Unit: School of Law
Department: School of Law
Office location and address
580 Massie RdCharlottesville, Virginia 22903
The goal of this class is to rigorously compare real-life conservation program implementation with the theoretical goals of conservation science. This course is a senior-level offering designed to serve as a capstone class for students enrolled in the Environmental and Biological Conservation Specialization program and will be presented in a seminar format where a theoretical presentation of conservation science within the context is presented. Prerequisite: EVSC 3200 (fund. of Ecology) or BIOL 3020 (Evolution and Ecology)
This course will review state and federal laws governing water and disputes between competing water uses. Topics will include public rights to water and resolving water use disputes; protecting water quality of lakes, rivers, and streams; federal laws affecting the allocation and use of water (the Clean Water Act, the Federal Power Act, the Endangered Species Act) and the law governing interstate water disputes.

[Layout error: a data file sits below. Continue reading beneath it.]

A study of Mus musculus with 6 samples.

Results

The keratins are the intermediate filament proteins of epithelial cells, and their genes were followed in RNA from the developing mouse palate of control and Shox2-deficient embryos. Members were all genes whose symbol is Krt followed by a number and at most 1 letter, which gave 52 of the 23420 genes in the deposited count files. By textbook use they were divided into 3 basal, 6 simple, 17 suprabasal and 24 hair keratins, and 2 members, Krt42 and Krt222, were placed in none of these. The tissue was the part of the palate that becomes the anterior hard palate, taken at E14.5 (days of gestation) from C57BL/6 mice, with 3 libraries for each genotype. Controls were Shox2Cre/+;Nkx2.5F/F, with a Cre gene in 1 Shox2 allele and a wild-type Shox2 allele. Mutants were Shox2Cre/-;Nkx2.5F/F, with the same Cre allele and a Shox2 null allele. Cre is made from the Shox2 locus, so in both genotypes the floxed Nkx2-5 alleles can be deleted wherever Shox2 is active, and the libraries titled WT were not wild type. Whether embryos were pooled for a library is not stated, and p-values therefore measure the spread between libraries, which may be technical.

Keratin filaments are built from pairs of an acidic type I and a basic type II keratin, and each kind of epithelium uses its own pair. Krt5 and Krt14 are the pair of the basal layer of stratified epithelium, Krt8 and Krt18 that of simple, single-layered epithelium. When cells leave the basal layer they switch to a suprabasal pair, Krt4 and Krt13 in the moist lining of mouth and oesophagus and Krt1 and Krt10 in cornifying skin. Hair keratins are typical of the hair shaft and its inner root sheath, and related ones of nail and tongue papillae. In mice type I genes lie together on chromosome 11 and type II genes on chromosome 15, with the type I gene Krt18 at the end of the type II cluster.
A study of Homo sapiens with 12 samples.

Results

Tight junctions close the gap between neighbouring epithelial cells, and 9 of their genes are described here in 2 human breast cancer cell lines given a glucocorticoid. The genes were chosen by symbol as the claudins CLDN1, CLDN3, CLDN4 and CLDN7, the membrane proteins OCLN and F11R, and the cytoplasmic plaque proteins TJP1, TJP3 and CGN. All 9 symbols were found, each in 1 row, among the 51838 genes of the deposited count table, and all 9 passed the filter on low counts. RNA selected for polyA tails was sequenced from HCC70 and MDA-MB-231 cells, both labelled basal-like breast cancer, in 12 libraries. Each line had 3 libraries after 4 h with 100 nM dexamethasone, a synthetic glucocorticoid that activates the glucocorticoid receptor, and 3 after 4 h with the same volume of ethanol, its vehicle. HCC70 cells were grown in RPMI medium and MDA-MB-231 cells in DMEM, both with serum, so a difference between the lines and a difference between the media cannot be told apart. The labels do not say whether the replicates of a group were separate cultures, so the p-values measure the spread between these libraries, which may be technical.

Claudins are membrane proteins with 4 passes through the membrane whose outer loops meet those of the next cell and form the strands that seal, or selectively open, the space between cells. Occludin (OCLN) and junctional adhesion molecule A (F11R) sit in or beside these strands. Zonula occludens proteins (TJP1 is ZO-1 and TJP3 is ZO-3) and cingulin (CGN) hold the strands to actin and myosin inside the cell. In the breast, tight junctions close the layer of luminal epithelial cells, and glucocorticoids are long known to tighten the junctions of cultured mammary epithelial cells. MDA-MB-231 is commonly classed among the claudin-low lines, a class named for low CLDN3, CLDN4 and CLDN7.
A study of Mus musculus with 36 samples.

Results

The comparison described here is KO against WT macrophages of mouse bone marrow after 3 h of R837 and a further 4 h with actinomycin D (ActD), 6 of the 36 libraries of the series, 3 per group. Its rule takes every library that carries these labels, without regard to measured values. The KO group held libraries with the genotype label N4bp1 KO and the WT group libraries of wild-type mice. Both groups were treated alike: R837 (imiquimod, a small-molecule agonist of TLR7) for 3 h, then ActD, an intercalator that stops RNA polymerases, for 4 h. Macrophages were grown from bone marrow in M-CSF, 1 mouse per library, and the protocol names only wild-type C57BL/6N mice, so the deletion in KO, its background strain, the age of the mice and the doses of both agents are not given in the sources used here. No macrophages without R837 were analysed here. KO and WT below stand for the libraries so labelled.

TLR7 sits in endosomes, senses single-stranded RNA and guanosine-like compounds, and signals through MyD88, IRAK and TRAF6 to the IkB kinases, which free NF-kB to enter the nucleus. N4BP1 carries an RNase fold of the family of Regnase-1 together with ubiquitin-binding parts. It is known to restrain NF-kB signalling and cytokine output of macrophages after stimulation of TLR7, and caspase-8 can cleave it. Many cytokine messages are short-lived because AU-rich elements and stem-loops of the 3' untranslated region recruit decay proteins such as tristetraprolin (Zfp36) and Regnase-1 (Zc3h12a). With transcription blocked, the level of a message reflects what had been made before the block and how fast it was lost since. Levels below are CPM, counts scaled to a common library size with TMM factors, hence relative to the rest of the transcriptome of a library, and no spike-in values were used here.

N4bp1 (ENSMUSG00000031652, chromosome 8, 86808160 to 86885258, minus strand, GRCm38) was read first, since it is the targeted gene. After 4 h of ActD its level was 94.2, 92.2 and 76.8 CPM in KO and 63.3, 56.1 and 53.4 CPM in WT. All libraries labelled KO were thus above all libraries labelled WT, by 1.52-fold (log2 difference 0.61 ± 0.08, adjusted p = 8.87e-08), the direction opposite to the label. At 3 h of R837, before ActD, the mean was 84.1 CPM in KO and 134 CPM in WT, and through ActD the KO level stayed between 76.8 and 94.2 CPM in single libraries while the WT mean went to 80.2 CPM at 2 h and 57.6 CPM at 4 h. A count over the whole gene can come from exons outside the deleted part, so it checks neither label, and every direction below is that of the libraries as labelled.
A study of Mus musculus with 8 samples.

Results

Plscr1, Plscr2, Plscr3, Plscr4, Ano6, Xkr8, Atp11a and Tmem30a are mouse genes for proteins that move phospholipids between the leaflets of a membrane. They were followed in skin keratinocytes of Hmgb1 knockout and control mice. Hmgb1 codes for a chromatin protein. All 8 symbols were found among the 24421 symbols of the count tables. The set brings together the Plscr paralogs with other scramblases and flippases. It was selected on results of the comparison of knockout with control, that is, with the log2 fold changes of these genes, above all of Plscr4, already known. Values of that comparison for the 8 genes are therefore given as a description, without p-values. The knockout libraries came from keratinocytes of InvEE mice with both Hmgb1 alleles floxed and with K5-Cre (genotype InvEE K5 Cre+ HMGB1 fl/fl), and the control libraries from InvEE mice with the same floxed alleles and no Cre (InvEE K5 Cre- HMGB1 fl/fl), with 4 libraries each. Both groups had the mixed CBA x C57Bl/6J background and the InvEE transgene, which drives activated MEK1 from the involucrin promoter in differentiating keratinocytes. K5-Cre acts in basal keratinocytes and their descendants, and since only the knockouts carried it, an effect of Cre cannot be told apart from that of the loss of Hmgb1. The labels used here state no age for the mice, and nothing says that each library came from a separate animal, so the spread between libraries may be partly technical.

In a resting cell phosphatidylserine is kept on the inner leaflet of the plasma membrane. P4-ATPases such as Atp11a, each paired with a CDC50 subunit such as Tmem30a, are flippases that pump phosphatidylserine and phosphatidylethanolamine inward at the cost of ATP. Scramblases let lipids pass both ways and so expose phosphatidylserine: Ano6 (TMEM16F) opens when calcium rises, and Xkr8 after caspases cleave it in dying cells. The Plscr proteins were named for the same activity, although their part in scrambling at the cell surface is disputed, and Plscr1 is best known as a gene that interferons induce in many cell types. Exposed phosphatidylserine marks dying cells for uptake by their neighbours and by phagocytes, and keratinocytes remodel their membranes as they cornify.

Eligible students receive credit for serving as research assistants supervised by selected law school faculty members.
This course is a semester-long independent research project resulting in a substantial research paper supervised and graded by a selected law school faculty member.
The seminar surveys the laws and policies governing the management of lands and natural resources under federal ownership (some one-third of the nation's continental land area).
This seminar will be jointly offered in the Law School and the Department of Environmental Sciences and co-taught by members of those departments. The course will use several species restoration initiatives of the National Fish and Wildlife Foundation (NFWF) to study biodiversity conservation.